Photo by Diane Cox
Joan Dietchman of Cupertino, Calif., stopped in West Alton at the Rivers Edge Convenient Store to check in at the time station before continuing on her trip across the Clark Bridge into Alton.
Participating in the Race Across America, about 300 cyclists began the more than 3,000-mile race Tuesday, June 10, from Oceanside, Calif., to Annapolis, Md., in a race against time to raise funds for their charity of choice. The route brings cyclists through the Alton area to a time station to check in.
Of the more than 300 competitors, only six women took on the task as solo bikers. Since the start of the race, one female solo rider has dropped out after traveling some 1,100 miles.
Running in a tight second place, Joan Dietchman of Cupertino, Calif., stopped in West Alton at the Rivers Edge Convenient Store to check in at the time station before continuing on her trip across the Clark Bridge into Alton. Dietchman completed the race in 2012, finishing in about 12 days, and said she hopes to improve her time in her second attempt.
“I have done several triathlons, but my favorite portion was always the cycling ... that’s why I just wanted to focus on doing a bike race,” Dietchman said of her decision to tackle the grueling race.
“I wanted to ride for a charity so I chose the Canary Research Foundation through Stanford University ... they research new ways for early detection of cancer.”
Dietchman, a software engineer, rides for 22 hours per day and travels 250 to 350 miles per day with an average speed of about 12 miles per hour. The two hours of sleep she gets per day takes place in one of three minivans that follow her during her journey. The vans keep track of navigation, all the racers’ gear, medical supplies or items to repair the bike if necessary. Dietchman will eat and drink while riding and only make stops at her time station locations. Dietchman has raised more than $5,000 for the charity of her choice through the race.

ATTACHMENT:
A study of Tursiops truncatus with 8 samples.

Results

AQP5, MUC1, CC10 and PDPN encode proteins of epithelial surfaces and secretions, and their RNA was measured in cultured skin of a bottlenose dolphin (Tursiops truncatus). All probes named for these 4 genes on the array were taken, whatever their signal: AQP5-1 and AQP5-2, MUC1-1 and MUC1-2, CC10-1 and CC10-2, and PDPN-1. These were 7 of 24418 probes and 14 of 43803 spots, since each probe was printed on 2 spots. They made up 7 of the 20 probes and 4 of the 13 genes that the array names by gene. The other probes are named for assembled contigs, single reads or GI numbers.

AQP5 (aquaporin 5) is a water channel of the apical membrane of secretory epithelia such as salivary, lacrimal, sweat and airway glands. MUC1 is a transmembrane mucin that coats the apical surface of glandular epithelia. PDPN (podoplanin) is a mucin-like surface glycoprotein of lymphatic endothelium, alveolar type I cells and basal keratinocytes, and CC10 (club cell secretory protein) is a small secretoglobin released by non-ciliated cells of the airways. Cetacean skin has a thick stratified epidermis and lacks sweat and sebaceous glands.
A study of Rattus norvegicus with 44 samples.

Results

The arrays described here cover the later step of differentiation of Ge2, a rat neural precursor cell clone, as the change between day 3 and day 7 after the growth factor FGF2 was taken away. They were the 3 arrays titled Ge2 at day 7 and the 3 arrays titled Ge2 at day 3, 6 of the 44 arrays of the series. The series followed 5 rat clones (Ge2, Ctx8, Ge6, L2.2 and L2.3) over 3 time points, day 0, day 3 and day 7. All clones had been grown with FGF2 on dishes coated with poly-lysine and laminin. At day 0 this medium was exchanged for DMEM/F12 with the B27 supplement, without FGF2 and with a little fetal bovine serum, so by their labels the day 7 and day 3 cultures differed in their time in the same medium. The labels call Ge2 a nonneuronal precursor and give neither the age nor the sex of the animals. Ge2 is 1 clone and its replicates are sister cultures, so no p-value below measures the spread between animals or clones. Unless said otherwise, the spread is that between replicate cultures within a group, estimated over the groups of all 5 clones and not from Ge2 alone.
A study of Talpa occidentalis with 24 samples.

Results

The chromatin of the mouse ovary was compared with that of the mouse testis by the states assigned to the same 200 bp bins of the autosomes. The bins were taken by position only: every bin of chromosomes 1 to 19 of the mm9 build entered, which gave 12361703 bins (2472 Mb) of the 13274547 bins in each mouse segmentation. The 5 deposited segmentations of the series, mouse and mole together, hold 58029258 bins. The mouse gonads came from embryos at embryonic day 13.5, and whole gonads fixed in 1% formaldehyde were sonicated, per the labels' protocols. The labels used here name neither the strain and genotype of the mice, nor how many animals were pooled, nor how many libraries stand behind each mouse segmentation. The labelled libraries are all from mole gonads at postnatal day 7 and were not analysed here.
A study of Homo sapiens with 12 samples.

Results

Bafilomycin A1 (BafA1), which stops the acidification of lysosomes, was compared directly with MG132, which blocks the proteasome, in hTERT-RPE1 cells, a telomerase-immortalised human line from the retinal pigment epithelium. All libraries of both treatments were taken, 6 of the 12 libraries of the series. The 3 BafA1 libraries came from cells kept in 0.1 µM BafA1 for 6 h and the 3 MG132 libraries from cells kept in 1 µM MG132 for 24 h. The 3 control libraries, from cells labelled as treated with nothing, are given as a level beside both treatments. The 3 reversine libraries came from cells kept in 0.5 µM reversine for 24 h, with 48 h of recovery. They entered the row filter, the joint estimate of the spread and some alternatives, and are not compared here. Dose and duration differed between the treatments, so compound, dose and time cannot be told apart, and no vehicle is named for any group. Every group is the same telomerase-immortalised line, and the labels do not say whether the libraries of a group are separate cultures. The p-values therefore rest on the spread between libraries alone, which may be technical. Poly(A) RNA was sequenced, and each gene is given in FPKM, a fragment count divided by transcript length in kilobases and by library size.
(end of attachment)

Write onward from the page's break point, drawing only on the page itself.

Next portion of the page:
The race crosses 12 states, passes through 88 counties and 350 communities on the trip from California to Maryland. The race is not limited to professional cyclists and is open to professional and amateur athletes. While solo racers must qualify to compete, anyone may organize a team and race.
The first race was in 1982, when four individuals raced from the Santa Monica Pier in Los Angeles to the Empire State Building in New York City. Since then, more than 25 countries have been represented over the 30-year history of the race. Approximately 40 percent of the racers are from outside of the United States and 15 percent are women.
“I can’t think of a better way to see the country,” Dietchman said. “To see the United States from a bicycle, it allows you the time to really see the beauty.”
Dietchman’s most recent time station check-in was at 12:09 a.m. in Sullivan, Ind. She has 2,218.3 miles and has 801.7 miles to go. Bloomington, Ind., is her next scheduled time station and she was estimated to reach that destination just after 7 a.m. Friday.
Joan is sponsored by Spidertech, Vander Kittens and LIV/giant.